Jupiter Real Estate
Explore and learn what the Jupiter area has to offer you.
Jupiter is home to the Jupiter Lighthouse which is the most historic building in the Palm Beaches. Jupiter offers many diverse living options, varying from Single-family, high end condos and to beautiful town-homes.
Jupiter Real Estate
Local Market Update > Jupiter Market Update 2018 <
Closed Sales – 844
Median Sales Price – $514,000
Dollar Volume – $643 034,263
Percent of Original List Price Received – 94.2%
Median Time to Contract – 63
Closed Sales – 648
Median Sales Price – $305,000
Dollar Volume – $224,682,759
Percent of Original List Price Received – 94.3%
Median Time to Contract – 54
History of Jupiter, Florida
> See the full History of Jupiter here <
The area that includes the Town of Jupiter was called Jobe (Hoe-bay) by the Spanish, for the nearby Indian village. When the English arrived in 1763, they interpreted the name as Jove and referred to the area as Jupiter.
Fort Jupiter was built in 1838 after a battle with Seminole Indians on the Loxahatchee River. The 9,088-acre Jupiter Military Reservation that was created around it in 1855 included the site of the Jupiter Inlet Lighthouse and the location of the second Fort Jupiter where the Fort Jupiter Post Office was activated from 1855 to 1856, during the Third Seminole War.
Jupiter was the northernmost stop on the 7.5-mile “Celestial Railroad” line that had once served as the last link for travelers to Lake Worth. After boating down the Indian River, they would take the train to the head of Lake Worth in Juno where they would once again board a boat for destinations further south. When Henry Flagler ran his Florida East Coast Railway west of the Lake Worth Creek on its route to West Palm Beach, two paddlewheel steamboats that had frequented the Indian River were no longer necessary and they rotted away where they had been beached.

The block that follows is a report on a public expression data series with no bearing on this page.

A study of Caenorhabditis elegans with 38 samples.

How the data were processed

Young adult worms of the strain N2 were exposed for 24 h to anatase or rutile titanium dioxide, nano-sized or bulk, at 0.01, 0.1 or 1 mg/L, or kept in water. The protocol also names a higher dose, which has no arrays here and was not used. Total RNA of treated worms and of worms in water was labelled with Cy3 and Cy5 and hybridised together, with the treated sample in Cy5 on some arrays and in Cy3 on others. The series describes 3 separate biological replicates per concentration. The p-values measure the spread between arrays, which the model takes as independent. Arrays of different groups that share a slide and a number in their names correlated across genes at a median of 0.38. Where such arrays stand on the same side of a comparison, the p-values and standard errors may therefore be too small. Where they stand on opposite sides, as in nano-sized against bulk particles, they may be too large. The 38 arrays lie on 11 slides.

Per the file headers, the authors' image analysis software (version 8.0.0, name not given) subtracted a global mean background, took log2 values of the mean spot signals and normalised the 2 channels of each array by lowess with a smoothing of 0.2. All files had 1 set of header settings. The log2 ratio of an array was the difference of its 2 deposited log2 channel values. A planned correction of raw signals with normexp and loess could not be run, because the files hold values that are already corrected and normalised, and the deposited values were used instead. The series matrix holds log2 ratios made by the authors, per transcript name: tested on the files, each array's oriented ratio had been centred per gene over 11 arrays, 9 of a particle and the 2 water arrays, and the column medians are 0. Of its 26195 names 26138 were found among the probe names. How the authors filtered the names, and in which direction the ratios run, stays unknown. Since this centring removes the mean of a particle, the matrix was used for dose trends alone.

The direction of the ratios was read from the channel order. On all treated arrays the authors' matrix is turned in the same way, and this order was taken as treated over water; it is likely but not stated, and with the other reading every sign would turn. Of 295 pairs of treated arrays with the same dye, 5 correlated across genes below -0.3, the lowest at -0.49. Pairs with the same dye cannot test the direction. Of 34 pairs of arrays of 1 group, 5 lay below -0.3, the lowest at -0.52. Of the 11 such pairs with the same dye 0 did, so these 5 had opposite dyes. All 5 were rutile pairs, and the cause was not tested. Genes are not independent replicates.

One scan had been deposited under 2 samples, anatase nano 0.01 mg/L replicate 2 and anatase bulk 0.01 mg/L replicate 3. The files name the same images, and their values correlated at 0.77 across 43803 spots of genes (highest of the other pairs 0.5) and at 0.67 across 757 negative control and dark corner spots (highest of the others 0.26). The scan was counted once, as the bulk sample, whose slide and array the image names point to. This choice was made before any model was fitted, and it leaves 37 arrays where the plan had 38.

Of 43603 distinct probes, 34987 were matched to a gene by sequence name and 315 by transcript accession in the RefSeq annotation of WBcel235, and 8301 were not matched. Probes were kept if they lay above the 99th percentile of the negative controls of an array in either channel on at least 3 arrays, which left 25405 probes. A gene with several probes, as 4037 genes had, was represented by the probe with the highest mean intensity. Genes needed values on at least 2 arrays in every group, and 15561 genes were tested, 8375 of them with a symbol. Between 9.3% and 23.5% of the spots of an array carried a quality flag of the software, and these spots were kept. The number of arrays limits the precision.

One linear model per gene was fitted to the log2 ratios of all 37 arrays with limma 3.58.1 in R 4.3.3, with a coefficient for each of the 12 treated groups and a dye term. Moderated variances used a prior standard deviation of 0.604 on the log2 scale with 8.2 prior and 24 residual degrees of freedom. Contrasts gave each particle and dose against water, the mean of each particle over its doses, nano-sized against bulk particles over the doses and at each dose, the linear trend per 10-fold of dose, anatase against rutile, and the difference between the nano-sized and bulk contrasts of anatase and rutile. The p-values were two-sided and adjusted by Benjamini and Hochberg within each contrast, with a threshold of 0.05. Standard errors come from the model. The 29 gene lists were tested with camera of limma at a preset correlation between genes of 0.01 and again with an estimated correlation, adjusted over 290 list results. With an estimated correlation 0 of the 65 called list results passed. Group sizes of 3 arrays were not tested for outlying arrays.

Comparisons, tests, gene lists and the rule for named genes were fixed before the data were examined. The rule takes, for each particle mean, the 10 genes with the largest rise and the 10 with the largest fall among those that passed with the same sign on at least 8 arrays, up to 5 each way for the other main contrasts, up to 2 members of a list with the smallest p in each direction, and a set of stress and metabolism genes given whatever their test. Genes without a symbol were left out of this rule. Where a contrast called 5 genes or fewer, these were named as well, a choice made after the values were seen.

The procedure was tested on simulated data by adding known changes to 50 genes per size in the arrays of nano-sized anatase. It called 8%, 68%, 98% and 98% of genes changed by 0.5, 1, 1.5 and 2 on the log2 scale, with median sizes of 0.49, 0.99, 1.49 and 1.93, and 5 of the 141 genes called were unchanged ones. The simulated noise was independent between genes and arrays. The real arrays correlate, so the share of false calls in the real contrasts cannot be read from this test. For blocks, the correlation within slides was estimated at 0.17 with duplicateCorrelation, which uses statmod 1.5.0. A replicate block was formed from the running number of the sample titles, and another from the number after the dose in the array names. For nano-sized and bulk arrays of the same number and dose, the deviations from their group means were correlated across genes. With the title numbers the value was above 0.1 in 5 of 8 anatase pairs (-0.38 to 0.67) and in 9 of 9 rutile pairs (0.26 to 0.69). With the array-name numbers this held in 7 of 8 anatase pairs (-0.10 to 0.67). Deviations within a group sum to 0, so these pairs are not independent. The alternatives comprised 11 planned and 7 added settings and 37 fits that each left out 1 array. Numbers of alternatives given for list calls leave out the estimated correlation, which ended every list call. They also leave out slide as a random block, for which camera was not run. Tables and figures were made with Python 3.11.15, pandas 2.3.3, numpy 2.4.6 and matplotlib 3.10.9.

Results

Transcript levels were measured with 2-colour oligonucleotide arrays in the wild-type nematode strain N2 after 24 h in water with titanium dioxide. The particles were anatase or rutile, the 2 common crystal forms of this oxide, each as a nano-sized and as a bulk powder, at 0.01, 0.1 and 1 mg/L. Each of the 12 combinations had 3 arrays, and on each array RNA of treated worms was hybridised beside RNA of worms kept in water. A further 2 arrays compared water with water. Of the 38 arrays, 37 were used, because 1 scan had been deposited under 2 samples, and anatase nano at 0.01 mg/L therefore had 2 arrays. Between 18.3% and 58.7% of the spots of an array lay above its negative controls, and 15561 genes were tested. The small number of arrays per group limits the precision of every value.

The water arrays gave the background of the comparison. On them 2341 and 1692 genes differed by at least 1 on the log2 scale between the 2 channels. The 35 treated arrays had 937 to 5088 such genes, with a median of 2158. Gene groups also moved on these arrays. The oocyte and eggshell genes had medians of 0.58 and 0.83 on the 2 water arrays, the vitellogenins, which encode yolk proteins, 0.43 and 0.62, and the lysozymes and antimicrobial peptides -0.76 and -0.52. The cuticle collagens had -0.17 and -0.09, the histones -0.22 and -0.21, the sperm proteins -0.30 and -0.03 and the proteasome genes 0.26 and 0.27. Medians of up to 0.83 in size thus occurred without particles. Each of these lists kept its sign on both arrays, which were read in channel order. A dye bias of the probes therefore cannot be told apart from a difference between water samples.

In 1900 the population of the Jupiter area was 145. In 1905 Rev. Dr. Charles P. Jackson started an elementary school for white children in Neptune. At that time Jupiter referred to the area east of Lake Worth Creek (the Intracoastal Waterway) and Neptune was the designation for the area and the post office along the Florida East Coast Railroad. A converted lifeboat from the battleship U.S.S. Maine served as school “bus” for the children.
In 1916 to 1917, a group of nine British aviators used Jupiter as a training “ground” for three small seaplanes – a crew of three assigned to each. Because the Jupiter Inlet remained closed during their stay, the planes were able to park on the river side of the beach.
When John DuBois married Bessie Wilson in 1924, they stayed on at his family’s house on Jupiter Inlet. They later recalled how Seminole Indians had often come to town in covered wagons pulled by oxen or horses and camped out near today’s Center Street. The Indians came to trade with local merchants; their contact with others was mainly to sell them venison and berries. John DuBois said the Seminoles seemed to know when schools of large fish were trapped in the inlet by changing tides; they would spear them from
In 1925 the Town of Jupiter was incorporated. A year later, the federal highway was completed to Miami, and a new bridge went up across the Loxahatchee River.